This paper provides an overview of challenges that states are facing in developing integrated water and energy conservation policies; provides background on Arizona and Wisconsin’s innovative water-energy policies and programs; and summarizes action items the participating state teams identified for their respective states.
Governors, state policymakers, utilities and other stakeholders across the country are increasingly aware of the connection between energy and water production and use, and the need to conserve both resources to meet economic and environmental goals. It requires substantial amounts of water to produce energy and considerable amounts of energy to treat and deliver water.
The critical interdependence between energy and water was clearly illustrated during the recent winter storm in Texas and other parts of the South in February 2021. Initial power outages contributed to a longer-term water crisis. Power outages led to water pump failures while water demand increased from frozen water pipes that burst. This caused low water pressure that can lead to harmful bacteria growth in the water. The power outages also prevented water treatment plants from properly treating the water for several days, thereby leaving many residents without clean drinking water and worsening the storm’s impacts.
The National Governors Association has been working with states on this connection between water and energy and strategies for conserving those resources for several years. NGA held a Water-Energy Nexus Learning Lab in September 2020. This event invited two leading states in the water-energy nexus space, Arizona and Wisconsin, to showcase some of their model policies and programs to other states, Maryland, Nevada, North Carolina, North Dakota, and Washington, looking for greater savings opportunities.
This paper provides an overview of challenges that states are facing in developing integrated water and energy conservation policies; provides background on Arizona and Wisconsin’s innovative water-energy policies and programs; and summarizes action items the participating state teams identified for their respective states. The main categories of policy solutions identified by states at NGA’s Water-Energy Nexus Learning Lab were:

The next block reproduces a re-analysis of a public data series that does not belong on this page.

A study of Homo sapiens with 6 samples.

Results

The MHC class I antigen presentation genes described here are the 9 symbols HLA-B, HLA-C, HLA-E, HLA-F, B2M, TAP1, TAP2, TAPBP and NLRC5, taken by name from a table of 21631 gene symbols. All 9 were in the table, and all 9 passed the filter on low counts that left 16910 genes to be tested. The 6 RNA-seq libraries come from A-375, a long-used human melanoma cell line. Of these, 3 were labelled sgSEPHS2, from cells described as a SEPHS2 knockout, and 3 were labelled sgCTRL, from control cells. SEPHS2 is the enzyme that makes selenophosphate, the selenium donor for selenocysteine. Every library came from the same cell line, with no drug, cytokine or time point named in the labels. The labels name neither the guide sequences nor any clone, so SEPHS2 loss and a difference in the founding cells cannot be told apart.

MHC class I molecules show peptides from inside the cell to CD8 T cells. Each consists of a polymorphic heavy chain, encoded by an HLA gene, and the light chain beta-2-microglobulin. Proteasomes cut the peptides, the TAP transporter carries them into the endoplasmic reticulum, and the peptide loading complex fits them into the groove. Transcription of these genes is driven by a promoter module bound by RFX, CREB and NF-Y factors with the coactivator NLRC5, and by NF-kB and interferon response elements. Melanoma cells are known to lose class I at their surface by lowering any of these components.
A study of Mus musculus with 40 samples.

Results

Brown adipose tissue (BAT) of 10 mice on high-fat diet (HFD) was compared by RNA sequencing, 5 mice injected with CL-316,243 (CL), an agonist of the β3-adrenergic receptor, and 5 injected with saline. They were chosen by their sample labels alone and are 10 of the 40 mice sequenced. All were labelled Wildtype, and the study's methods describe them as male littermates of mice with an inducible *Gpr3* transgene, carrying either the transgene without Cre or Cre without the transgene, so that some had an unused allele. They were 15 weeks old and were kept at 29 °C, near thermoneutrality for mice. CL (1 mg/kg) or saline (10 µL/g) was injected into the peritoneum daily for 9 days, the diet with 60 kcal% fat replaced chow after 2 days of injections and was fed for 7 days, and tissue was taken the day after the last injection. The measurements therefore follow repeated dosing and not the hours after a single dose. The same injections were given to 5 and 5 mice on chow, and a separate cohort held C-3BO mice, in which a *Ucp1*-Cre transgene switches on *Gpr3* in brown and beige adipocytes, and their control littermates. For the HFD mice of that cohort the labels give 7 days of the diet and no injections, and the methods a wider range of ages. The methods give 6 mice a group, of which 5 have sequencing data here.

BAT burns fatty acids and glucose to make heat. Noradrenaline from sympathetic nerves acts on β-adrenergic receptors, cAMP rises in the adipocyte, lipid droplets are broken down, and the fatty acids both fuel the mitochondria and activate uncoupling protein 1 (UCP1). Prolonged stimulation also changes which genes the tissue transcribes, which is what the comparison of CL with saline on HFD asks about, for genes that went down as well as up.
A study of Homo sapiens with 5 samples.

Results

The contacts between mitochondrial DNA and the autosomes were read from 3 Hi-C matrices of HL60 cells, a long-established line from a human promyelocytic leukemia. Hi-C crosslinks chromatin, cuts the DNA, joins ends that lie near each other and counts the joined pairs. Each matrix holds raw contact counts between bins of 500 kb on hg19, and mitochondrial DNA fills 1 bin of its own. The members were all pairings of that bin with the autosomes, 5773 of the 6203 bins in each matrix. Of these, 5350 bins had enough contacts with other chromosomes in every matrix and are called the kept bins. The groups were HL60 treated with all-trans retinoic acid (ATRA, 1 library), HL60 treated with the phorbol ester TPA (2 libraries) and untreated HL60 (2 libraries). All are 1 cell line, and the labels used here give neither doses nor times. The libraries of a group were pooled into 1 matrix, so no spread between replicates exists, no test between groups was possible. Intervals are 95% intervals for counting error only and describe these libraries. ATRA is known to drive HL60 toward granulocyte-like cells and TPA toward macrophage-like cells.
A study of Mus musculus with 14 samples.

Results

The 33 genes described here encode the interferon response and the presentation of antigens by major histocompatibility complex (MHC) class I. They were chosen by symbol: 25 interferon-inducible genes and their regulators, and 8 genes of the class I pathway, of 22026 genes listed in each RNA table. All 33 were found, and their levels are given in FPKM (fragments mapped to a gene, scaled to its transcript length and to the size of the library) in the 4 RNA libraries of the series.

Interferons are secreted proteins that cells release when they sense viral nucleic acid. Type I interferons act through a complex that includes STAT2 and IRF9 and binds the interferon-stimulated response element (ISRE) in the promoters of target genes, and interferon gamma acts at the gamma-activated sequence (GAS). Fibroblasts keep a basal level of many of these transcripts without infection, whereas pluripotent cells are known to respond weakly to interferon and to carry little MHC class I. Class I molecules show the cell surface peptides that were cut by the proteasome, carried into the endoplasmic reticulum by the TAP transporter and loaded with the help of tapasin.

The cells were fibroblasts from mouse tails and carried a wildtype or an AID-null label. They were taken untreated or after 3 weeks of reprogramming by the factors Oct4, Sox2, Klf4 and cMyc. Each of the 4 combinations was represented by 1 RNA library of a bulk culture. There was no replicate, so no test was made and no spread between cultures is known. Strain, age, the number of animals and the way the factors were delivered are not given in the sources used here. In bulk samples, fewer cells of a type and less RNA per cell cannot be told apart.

- Funding & Financing – providing financial incentives for water efficiency modeled after established energy efficiency programs, and an emphasis on financial support for small water and energy utilities.
- Education & Technical Assistance – providing more education and training opportunities about ways to achieve cost-effective energy and water savings, and the needs of resource-constrained small and medium utilities for training and other assistance.
- Structural Changes to Encourage Conservation – developing ways to incentivize agricultural conservation such as through water allocation strategies; adopting water reuse or water loss standards; and requiring electric utilities to consider water impacts as part of their integrated resource planning process.
- Communications & Data – conducting energy audits, reviewing water data provided to state agencies, and developing data benchmarking tools to measure and better manage energy and water use.
- Climate Strategy – establishing a multi-agency working group or other collaborative approach to determine ways to integrate energy and water savings in state policies and help meet the state climate objectives.